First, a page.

I am sure I speak for the whole House when I express my deep sympathy with the parents of Seema Bhola in their tragic loss.
I have made urgent inquiries as to the circumstances of her death. The first approach to the National Health Service was an emergency call from the police for an ambulance at two minutes past seven on Tuesday evening. The ambulance left within a minute and arrived at the patient's home at seven minutes past seven, which was within five minutes of receiving the call. At that time the police were already giving mouth-to-mouth resuscitation, which was then continued by the ambulance staff.
It was known that the accident and emergency departments at Hillingdon Hospital and at Mount Vernon Hospital were closed to ambulance cases, but the ambulance officers also knew that some emergency cases arriving at the door were being seen at Mount Vernon Hospital.
The ambulance drivers were informed that no doctor was available at Mount Vernon Hospital after they had gone one mile, but as they were then passing Hillingdon Hospital they turned into the hospital but were then redirected by the ambulance control to Wexham Park Hospital. On arrival, at 33 minutes past seven, Seema Bhola was then seen by a casualty officer and found to be dead. The exact time of death is uncertain.
An opening inquest will take place tomorrow at High Wycombe, and the coroner has decided to hold a full inquest at a date yet to be determined.
Some of the reports suggest a conflict of evidence, and I have therefore asked for an immediate report from the Hillingdon Area Health Authority, and I shall then consider whether to hold a formal inquiry.
I should like to associate myself with the Minister in expressing deep sympathy with the parents, Mr. and Mrs. Bhola, on the loss of their young child.
Does the Secretary of State realise that in the eyes of my constituents and millions of decent people it is her responsibility—[HON. MEMBERS: "No."]—I repeat, it is her responsibility to see that patients can gain immediate admission to hospital in an emergency? Does the Minister realise that, whatever the rights and wrongs of the dispute with the doctors, it is the Secretary of State's duty to ensure—[HON. MEMBERS: "No."]—that the hospitals are open night and day? Does not the Secretary of State agree that the time has come to resolve the unhappy dispute with the doctors so that my constituents can gain admission to hospital when they need urgent treatment?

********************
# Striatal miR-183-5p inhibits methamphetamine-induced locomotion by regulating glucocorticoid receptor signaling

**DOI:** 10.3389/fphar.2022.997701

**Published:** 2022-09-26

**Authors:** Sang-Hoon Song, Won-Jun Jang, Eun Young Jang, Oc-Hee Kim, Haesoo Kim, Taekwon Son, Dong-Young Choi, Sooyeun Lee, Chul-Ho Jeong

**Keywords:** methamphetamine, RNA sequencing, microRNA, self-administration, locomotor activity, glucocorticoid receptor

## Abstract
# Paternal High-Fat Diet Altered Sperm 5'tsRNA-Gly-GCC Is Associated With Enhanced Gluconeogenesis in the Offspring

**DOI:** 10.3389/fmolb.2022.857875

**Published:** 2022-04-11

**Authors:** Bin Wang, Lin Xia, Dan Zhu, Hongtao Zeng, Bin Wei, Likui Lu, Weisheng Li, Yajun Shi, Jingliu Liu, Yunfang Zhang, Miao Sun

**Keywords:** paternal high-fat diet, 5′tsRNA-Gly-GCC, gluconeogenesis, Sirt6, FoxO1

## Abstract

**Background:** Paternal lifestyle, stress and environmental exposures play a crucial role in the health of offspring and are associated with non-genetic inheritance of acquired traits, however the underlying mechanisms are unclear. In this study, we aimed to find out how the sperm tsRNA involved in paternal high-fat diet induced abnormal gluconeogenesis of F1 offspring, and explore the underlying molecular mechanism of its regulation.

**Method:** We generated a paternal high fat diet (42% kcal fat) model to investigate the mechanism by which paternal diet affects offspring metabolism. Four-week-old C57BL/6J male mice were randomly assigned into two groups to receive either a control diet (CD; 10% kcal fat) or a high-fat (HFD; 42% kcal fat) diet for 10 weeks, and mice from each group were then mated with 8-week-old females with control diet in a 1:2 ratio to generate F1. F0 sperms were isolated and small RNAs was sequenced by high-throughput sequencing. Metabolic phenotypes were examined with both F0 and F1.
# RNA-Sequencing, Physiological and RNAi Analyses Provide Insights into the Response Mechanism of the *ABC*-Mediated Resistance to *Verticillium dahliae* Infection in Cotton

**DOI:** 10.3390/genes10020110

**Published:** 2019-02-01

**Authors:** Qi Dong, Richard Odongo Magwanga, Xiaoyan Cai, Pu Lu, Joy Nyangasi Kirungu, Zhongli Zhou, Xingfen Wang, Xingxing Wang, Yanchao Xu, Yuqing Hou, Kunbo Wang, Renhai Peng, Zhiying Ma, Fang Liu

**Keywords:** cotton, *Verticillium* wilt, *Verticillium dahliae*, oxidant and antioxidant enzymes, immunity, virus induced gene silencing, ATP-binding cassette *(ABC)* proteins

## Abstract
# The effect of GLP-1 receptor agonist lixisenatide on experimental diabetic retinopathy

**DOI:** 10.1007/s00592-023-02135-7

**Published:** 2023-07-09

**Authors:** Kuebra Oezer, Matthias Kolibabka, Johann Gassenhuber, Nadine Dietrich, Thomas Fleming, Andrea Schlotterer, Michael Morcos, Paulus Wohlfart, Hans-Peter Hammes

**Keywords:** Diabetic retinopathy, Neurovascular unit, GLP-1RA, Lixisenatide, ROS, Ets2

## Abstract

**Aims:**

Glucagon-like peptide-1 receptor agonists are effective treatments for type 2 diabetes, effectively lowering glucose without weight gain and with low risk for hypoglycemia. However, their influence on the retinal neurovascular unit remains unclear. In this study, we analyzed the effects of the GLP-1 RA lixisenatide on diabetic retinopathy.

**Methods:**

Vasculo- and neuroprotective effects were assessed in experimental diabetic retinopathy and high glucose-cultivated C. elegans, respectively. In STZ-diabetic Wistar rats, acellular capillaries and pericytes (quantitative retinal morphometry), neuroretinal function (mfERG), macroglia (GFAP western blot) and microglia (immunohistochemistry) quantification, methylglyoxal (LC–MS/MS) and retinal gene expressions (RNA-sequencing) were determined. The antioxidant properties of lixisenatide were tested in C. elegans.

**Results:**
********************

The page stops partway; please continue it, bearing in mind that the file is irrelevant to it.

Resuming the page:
My right hon. Friend the Secretary of State expresses her deep sympathy. The reason she cannot be here to answer the Question is that she is preparing to see the junior hospital doctors at just about this moment in a further attempt to resolve the dispute.
I hope that the hon. Gentleman will carefully consider whether he should withdraw what he said. Under the perfectly normal procedure of the House, to bring to the attention of the House concern about a constituent's case, concern which we all share, the hon. Gentleman has taken the opportunity to make a serious allegation against my right hon. Friend. At a time when the whole House wants a resolution of the dispute, he has personalised the attack in a political and—as I think most people outside the House will feel—a disgraceful way. I make this plea to the hon. Gentleman in all sincerity. It will not help the atmosphere, either in the resolution of the wider dispute in the country or in dealing with the tragic circumstances of the death of this child, if personalised attacks of that sort are made. I urge the hon. Gentleman to withdraw that allegation.
Order. I had serious doubts whether I should allow this Question. I thought it right to allow it so that we could possibly ascertain the facts, in the chance that by ascertaining the facts in this case a similar tragedy might be avoided. I had no intention of allowing it to become an argument on the merits of the doctors' dispute.
Dr. M. S. Miller:
Further to that point of order, Mr. Speaker. As you have allowed an hon. Member to make a personal attack on my right hon. Friend the Secretary of State for Social Services, and have not permitted an expression of view from this side of the House, I believe that you should allow an hon. Member on the Labour Benches to put a point of view which contradicts that advanced by the hon. Member for Uxbridge (Mr. Shersby).
Order. I listened carefully, and the hon. Member for Uxbridge (Mr. Shersby) did not say that. However, he brought in the whole question of the hospital dispute. He did not make the direct suggestion that the hon. Member for Liverpool, Walton (Mr. Heffer) claims. I would not have allowed him to do so.
The hon. Gentleman said that the responsibility for this situation rested on my right hon. Friend. I am certain that any hon. Member who thinks about the matter will not accept that proposition. I ask the Leader of the Opposition to make a statement dissociating herself from the standards and shameful remarks of her hon. Friend. If she does not—[Interruption.]
I hope that the House will calm down. It is a difficult problem for the Chair to know when to allow a Private Notice Question. In this instance I considered it proper to do so as I thought that some facts might be brought out which might obviate a similar tragic event. I allowed the hon. Member for Uxbridge to ask a supplementary question and there was a robust reply from the Minister. I think that the House would be much wiser to move on to the business questions.